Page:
Leaving Your Season Tickets
If you’re a sports fanatic, how do you leave your precious season tickets?
If you’re a sports fanatic, your most important possession might not be your house, car, or IRA—it’s your season tickets to the games of your beloved Cubs, Packers, or Giants. Family members may have a lot of interest in those tickets as well—especially in places like Green Bay, where the Packers’ Lambeau Field has been sold out to season ticket holders since 1960.
Season Tickets vs. Seat Licenses
Teams have two ways of selling the right to buy the same tickets to every game: season tickets and seat licenses. When it comes to your freedom to pass on your tickets, there are big differences between the two.
Generally, season tickets are contracts between the team and the buyer, which means the team can put whatever conditions it wishes on the deal. Most teams place extensive restrictions on how ticketholders can transfer season tickets, either during life or at death.
Seat licenses, offered by some college and professional sports teams, are something you buy and own—and can transfer to anyone you choose. Typically, you pay a large one-time fee for a seat license, and then pay for the season tickets each year. You can give or sell the seat license to someone, or leave it to a beneficiary at your death. One big exception: some licenses expire after a certain number of years.
Can You Leave Them in Your Will?
If you own season tickets, you probably cannot leave them in your will as you would other property. Several teams make a point of reminding owners of this; the Kansas City Royals website stresses that “Royals Season Tickets are not the property of the Season Ticket Holder of Record so cannot be treated as such in a will, trust or other property transfer method.”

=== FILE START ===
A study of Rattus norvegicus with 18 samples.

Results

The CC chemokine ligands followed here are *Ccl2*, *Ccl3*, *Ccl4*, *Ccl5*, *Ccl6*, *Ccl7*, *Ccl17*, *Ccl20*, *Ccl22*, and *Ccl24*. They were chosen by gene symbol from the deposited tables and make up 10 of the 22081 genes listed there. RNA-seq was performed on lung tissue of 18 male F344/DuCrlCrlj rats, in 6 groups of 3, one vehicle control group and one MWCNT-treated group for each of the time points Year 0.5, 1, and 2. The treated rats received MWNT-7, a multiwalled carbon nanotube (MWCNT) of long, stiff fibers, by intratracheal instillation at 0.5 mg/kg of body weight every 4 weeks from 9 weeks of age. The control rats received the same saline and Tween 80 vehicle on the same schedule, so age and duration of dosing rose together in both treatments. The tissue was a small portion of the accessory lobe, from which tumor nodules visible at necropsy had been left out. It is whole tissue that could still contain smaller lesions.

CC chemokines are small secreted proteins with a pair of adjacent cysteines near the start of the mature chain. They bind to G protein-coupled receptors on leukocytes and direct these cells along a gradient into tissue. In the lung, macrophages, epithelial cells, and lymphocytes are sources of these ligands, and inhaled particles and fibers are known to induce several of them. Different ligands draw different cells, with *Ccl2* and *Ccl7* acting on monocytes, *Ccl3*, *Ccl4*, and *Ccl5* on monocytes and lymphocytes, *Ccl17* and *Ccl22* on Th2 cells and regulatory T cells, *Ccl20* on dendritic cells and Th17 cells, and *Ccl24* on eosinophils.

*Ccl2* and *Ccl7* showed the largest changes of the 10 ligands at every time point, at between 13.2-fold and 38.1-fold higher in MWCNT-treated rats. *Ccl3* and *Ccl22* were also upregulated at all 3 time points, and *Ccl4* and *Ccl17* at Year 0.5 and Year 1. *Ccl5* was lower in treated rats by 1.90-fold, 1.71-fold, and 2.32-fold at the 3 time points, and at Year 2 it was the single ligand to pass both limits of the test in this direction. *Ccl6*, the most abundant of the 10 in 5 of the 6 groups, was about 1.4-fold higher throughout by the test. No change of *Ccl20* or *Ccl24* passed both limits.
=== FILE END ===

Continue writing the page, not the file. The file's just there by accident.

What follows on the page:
If you can’t leave them in a will or trust, what can you do? Check to see whether or not the team has a form you can fill out in lieu of a will or trust. The Packers, for example, provide such a form. Most teams allow transfers only to immediate family members. But you may have more flexibility while you are alive than at your death. The Minnesota Vikings, for example, allow transfers to your spouse or children while you are alive; after your death, the tickets must go to your spouse.
In an interesting twist, the Packers allow only one individual to own season tickets--there's no co-ownership. This leads, no doubt, to some challenging family situations. For example, you could use the Packers-approved transfer form to leave your tickets to your daughter; but if you don’t fill out the form and have two children, your offspring will have to agree on which one of them will own the tickets. It’s probably not always an easy conversation in a town where the waiting list for Packers season tickets is said to have more than 80,000 names on it—but if they can’t agree, the tickets revert to the team.You can make your will online, quickly and easily, using Nolo's Online Will.
Surviving Family Members’ Rights
Many teams will transfer season tickets to your surviving spouse, period. That’s the policy of the San Diego Padres, for example, which requires a copy of the death certificate before it will allow the spouse to take over the tickets.
Some, like the Denver Broncos, permit transfers to immediate family members, which includes a spouse, parent, sibling, or child.
What happens if there’s no surviving family member who is allowed, under team rules, to take over the season tickets? The tickets go back to the organization—and to the next person on the season ticket waiting list.